Doug Lederman

Doug Lederman, Editor, is one of the three founders of Inside Higher Ed. With Scott Jaschik, he leads the site's editorial operations, overseeing news content, opinion pieces, career advice, blogs and other features. Doug speaks widely about higher education, including on C-Span and National Public Radio and at meetings around the country, and his work has appeared in The New York Times and USA Today, among other publications. Doug was managing editor of The Chronicle of Higher Education from 1999 to 2003. Before that, Doug had worked at The Chronicle since 1986 in a variety of roles, first as an athletics reporter and editor. He has won three National Awards for Education Reporting from the Education Writers Association, including one in 2009 for a series of Inside Higher Ed articles he co-wrote on college rankings. He began his career as a news clerk at The New York Times. He grew up in Shaker Heights, Ohio, and graduated in 1984 from Princeton University. Doug lives with his family in Bethesda, Md.


January 28, 2010
Craven Community College has removed from public view artwork that depicts a popular instructor smoking a cigar (as he frequently does), The New Bern Sun-Journal reported. Officials at the North Carolina community college said that they feared the artwork was inconsistent with the college's stance against smoking.
January 27, 2010
The University of Montana may deal with state budget cuts by adopting a four-day week for classes and work schedules, The Missoulian reported. The idea is estimated to save $450,000, mostly on utility cost reductions, which also reflect the environmental gains from the approach. All class meetings would be Tuesday through Friday, with class times shifted to 90 minutes, and more classes at 8 a.m. The standard employee work day would be 10 hours.
January 27, 2010
Oregon's normally tax-skeptical voters on Tuesday approved two tax increases that will limit further cuts to state support for education, The Oregonian reported. The measures raise taxes on wealthy individuals and on corporations. Because the current state budget was built on the assumption that the additional tax revenue would materialize, a defeat would have led to major new rounds of budget cuts.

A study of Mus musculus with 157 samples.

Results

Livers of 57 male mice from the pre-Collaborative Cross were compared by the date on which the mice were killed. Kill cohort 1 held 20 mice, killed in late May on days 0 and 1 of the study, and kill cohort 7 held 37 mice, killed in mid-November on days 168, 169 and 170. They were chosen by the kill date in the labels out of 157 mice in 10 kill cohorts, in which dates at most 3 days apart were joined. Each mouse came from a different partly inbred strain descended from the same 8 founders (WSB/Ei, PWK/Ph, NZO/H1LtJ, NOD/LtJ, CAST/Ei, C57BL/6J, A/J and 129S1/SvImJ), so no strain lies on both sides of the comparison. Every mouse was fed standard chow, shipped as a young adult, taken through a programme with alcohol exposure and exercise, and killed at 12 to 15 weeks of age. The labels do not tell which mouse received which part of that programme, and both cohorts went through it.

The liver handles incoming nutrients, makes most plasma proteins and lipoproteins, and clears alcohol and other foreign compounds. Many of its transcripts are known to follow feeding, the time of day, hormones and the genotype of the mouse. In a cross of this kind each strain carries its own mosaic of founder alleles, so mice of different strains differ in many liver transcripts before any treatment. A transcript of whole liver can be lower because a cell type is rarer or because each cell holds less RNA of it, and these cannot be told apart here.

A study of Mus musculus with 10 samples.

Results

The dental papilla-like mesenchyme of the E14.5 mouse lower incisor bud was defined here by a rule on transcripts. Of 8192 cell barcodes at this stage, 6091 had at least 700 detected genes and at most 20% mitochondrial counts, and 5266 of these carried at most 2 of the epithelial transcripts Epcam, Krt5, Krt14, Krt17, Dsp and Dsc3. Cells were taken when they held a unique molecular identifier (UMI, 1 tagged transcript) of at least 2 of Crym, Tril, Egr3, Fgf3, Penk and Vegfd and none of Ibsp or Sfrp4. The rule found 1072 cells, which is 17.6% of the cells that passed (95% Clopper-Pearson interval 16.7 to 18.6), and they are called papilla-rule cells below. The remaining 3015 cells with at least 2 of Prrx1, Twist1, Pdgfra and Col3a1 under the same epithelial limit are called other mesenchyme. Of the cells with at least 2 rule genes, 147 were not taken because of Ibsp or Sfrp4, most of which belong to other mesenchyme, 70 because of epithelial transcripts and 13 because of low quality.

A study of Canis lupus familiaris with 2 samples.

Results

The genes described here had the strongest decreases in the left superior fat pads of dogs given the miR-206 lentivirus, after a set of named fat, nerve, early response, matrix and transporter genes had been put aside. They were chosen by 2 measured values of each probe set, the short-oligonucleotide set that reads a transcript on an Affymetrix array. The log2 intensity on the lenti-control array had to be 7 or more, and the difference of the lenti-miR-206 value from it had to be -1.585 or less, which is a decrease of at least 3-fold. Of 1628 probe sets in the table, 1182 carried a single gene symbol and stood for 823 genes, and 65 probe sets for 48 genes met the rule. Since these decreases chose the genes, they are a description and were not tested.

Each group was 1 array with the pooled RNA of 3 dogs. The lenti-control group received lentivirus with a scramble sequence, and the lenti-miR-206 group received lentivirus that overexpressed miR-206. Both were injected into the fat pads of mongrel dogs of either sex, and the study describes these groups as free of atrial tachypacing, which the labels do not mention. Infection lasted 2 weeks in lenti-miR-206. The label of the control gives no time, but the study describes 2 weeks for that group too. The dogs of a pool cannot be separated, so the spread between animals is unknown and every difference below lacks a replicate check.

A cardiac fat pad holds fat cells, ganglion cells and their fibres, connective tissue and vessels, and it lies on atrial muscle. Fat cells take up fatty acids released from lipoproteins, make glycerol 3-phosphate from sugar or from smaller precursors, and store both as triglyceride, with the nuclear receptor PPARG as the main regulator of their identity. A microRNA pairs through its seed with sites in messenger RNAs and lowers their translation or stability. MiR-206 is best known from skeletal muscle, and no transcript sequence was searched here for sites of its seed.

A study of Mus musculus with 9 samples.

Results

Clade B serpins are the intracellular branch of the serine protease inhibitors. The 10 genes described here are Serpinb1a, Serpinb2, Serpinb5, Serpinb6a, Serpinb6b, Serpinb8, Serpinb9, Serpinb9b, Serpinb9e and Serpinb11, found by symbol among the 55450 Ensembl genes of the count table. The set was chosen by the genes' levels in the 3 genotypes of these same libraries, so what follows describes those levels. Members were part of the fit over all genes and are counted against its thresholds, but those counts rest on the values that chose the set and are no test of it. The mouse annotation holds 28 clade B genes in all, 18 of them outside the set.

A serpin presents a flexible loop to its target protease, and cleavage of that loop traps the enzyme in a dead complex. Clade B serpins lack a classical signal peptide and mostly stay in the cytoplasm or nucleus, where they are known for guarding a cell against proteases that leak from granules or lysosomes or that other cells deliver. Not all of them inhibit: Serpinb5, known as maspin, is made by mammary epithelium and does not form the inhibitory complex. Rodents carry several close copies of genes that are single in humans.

January 27, 2010
California Gov. Arnold Schwarzenegger pleased higher education leaders this month by proposing that the state's Constitution be amended to ensure that the state's two major public university systems receive no less than 10 percent of the state's operating funds each year, with the additional funds coming from cuts in spending on prisons. Now the plan is getting tough criticism from the nonpartisan Legislative Analyst's Office.
January 27, 2010
Pro-gun organizations have angered many educators in the last year with bills that would end bans on carrying concealed weapons on campus. Higher education leaders have generally replied that colleges have enough problems without gun-wielding students or, even worse, drunk, gun-wielding students.
January 27, 2010
The American Association of University Professors has launched a new Journal of Academic Freedom, which will be published annually or twice a year. The debut issue features articles that look back in time (on academic freedom during the Cold War) and many other pieces very much in the present, looking at such topics as graduate student rights, the role of corporate influence in higher education, and shifting ideas about faculty governance.
January 27, 2010
Eastfield Collge, in Texas, will let students in its ceramics classes make crosses after all. The college has banned crosses, setting off charges of anti-Christian bias. The college said that the ban wasn't about religion, but about encouraging students to be creative in their work. But facing a threatened lawsuit, the college will allow crosses, The Dallas Morning News reported.
January 27, 2010
Annual gatherings of student learning experts and accrediting officials reveal lots of assessment activity on campuses. But policy makers ponder whether it adds up to meaningful national progress.
January 26, 2010
As White House seeks to regain footing, Obama calls for expanding program designed to keep borrowers' student loan payments in check. But spending freeze likely, too.
January 26, 2010
A leading figure in physics, Andrew Lange of the California Institute of Technology, killed himself last week, leaving many of his colleagues deeply saddened and confused. Last year, Lange won the prestigious Dan David Prize, worth $1 million, in astrophysics.